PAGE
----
The mixed message of slip sliding prospects
By Cees Bruggemans, Chief Economist of FNB.
The South African economy disappoints, going by fiscal vibes seeping into the ether.
Growth and therefore tax revenue haven’t been as hot as hoped for earlier this year, while spending Ministers seem to be firmly doing what comes naturally.
With the global mood somber and fearing further growth slowing, South Africa isn’t escaping these strains. This is apparently inducing an inclination to take things easy with right-sizing our state finances after the Great Recession Hit.
With government debt aiming for 45% of GDP (double its 2008 low) and overall public sector debt aiming for 60% (after including parastatal debt), there remains a sense of comfort about our state finances.
Public debt is well below other countries, the budget deficit has shrunk from its 7% of GDP recession peak, there is time to rectify things, the economy can do with a little tonic, tax collections are disappointing while spending ambitions never tire.
Not a situation in which one wishes to be too starkly austere and press down on a modestly performing economy.
And yet overseas there are numerous instances of countries doing just that, with a severity which should give our easy-going ways some pause.
Are things so dire?
It could well be that our growth may struggle for longer than expected, tax shortfalls may rise even as spending pressure keeps rising.
With no clear national emergency hitting the panic button and the political clamour for greater budget allocations intensifying, putting upward pressure on the budget deficit above 5% of GDP, the Minister may find it difficult to resist all such stresses.
Thus our fiscal policy appears to be more accommodative than perhaps intended, postponing planned budget deficit correction and accepting some budget and debt slippage.
Does it matter?
It will if there is no change in the script soon, and the finance slippage becomes more pronounced, attracting the unfavourable attention from credit providers.
Also, fiscal slippage is starting to impinge on monetary policy freedom to act to support a weak economy. It isn’t only the inflation prospect, the insufficient demand hobbling output growth, and the EU crisis risks that is shaping our monetary response. A deteriorating fiscal overlay is also coming into focus.
If the budget deficit remains too high for too long, it would start precluding rate cuts.
That would be inconvenient, given the economy’s mixed messages of recent months.
Some things seem still to be performing reasonably strongly. Passenger car sales year to date are +16%, retail sales +5%, wholesale trade +5.4%, unsecured debt growth aggressively high. Latest monthly cement sales were +8% per trading day, real residential buildings plans were +4% and non-residential +3% y/y.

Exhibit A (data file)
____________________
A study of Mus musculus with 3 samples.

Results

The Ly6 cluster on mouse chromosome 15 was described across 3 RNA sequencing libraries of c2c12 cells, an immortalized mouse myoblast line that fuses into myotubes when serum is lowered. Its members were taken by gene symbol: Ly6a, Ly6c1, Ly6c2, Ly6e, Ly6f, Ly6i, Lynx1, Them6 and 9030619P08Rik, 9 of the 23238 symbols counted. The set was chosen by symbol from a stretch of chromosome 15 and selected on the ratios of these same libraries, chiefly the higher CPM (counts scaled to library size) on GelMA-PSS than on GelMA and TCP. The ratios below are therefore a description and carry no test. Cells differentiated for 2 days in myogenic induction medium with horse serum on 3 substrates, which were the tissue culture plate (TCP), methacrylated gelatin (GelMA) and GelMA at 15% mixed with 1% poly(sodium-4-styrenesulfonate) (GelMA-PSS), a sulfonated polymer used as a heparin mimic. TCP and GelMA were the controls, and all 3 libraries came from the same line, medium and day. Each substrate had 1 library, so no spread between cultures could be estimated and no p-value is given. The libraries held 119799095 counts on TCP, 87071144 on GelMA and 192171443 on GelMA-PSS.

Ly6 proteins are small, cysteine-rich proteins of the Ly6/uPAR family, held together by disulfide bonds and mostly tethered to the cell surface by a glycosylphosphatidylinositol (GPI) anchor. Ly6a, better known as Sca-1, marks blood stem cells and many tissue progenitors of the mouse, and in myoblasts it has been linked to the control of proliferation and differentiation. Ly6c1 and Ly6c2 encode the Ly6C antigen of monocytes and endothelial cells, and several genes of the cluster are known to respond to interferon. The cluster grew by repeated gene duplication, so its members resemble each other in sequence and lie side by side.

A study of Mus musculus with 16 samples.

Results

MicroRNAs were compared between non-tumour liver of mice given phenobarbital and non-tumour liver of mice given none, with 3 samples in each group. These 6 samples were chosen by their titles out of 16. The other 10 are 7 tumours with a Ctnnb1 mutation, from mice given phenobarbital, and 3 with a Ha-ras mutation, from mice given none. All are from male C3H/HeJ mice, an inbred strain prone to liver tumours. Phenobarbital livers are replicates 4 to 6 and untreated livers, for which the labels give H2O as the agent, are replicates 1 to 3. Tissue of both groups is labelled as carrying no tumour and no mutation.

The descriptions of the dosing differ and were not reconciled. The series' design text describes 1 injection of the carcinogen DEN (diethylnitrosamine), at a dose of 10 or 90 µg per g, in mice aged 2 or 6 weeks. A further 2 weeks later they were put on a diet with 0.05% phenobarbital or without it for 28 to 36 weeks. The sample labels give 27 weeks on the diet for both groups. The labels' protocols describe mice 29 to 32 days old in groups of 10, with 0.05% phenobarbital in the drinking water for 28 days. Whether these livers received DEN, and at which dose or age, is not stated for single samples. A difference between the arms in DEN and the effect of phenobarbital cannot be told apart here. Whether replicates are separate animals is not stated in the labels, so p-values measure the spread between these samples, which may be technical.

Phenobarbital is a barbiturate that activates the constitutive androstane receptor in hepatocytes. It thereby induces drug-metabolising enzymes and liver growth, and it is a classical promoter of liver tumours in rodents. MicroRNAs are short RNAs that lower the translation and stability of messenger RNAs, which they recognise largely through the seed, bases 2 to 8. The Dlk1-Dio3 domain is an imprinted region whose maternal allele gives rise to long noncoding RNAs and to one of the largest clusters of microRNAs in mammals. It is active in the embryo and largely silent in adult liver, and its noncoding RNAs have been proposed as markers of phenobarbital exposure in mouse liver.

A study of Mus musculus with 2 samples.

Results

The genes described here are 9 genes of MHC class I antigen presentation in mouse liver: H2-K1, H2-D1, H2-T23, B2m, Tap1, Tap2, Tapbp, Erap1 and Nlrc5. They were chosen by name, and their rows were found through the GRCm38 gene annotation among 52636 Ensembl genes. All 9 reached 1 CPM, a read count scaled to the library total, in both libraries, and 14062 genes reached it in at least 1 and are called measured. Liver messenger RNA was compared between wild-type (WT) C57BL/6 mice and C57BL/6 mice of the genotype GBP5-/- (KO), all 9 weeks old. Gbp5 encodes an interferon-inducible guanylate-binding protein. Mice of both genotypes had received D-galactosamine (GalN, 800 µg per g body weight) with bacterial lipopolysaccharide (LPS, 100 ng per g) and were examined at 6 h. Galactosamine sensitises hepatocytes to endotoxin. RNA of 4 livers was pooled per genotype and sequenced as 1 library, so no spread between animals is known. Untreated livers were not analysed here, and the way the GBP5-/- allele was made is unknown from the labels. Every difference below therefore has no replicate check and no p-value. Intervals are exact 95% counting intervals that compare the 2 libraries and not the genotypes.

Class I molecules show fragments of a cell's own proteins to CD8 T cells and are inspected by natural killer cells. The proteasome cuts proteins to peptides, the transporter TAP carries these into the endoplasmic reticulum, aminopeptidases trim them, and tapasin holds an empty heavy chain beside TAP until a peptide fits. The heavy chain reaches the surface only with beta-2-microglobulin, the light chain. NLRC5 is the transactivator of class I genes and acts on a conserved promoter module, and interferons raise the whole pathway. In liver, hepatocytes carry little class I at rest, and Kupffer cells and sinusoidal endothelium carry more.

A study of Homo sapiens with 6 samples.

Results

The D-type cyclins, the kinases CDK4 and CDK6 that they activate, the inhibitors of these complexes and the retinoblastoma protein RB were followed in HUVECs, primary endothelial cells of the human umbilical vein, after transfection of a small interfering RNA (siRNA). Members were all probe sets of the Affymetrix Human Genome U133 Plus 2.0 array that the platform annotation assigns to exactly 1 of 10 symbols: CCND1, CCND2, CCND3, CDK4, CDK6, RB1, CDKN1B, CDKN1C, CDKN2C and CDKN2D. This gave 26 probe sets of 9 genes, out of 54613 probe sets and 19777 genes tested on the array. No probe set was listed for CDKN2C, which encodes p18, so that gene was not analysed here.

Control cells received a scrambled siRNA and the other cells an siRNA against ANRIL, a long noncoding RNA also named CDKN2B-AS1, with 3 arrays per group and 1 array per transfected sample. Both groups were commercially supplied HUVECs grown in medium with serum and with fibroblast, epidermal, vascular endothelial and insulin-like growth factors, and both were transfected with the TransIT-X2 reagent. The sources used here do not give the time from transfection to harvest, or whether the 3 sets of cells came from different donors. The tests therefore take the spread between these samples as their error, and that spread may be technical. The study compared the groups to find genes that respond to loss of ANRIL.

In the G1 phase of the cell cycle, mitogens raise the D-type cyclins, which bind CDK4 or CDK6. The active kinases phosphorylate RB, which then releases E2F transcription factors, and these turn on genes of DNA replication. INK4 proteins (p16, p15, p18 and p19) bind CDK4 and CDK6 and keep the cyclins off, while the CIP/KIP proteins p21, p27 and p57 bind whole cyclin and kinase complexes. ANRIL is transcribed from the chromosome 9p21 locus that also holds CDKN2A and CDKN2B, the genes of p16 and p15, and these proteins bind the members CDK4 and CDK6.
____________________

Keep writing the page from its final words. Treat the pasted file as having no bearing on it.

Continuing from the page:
But mining output is up only 2.2% year to date, steel output declined by 5.5% in August and 10% in September, oil refining output remained under pressure, buildings completed kept declining steeply, business and consumer confidence has eased.
Though manufacturing output bounced back by 5% in August, but year to date has done only a poorly 2% while credit growth of 5% is only half what it should be (reflecting ongoing delivering).
Property generally remains a depressed area.
Following the disappointing 2Q2011 growth data spilling over into 3Q2011, private sector growth forecasts have generally been pulled back from nearly 4% to below 3%.
Public sector GDP forecasts have been moderated nearer 3% for this year, with a slightly higher bias for 2012.
This is in an economy not noticeably succeeding in closing its sizeable output gap of 2%-3% of GDP. Much underutilised capacity, employable labour and buildings remain. What are we doing about it?
Some of the growth restraint is due to supply side shortcomings that are either only being addressed in the medium term (electricity shortage, credit restraint, public sector technical manpower shortages, material shortages such as steel and bitumen), are long-term propositions (public transport) or don’t seem to be noticeably changed at all (education and labour markets).
But even with such glaring supply restraints keeping growth back, it doesn’t look like being only a supply issue. Demand, too, is insufficient as shown up in BER business opinion surveys and recently highlighted by the SARB Governor to parliament.
So there appears to be a prima facie case for doing more to encourage faster growth.
As things stand, we are probably not trying hard enough to prevent fiscal slippage and relieve supply caps.
This leaves the SARB. It already has substantially lowered real interest rates (to zero), and remains deeply cautious about what could still play out in overseas economies and markets soon.
Clearly, the Rand remains shock-absorber-of-last-resort in times of crisis to protect domestic incomes and output. But if we were to be hit by another shock, SARB could still cut interest rates, even aggressively.
Markets in any case expect more rate easing during the next six months, given that insufficient demand appears to be a concern.
Ideally, we succeed in lifting the growth rate and get those many idled resources eventually back on stream.
Source: Cees Bruggemans, FNB, October 24, 2011.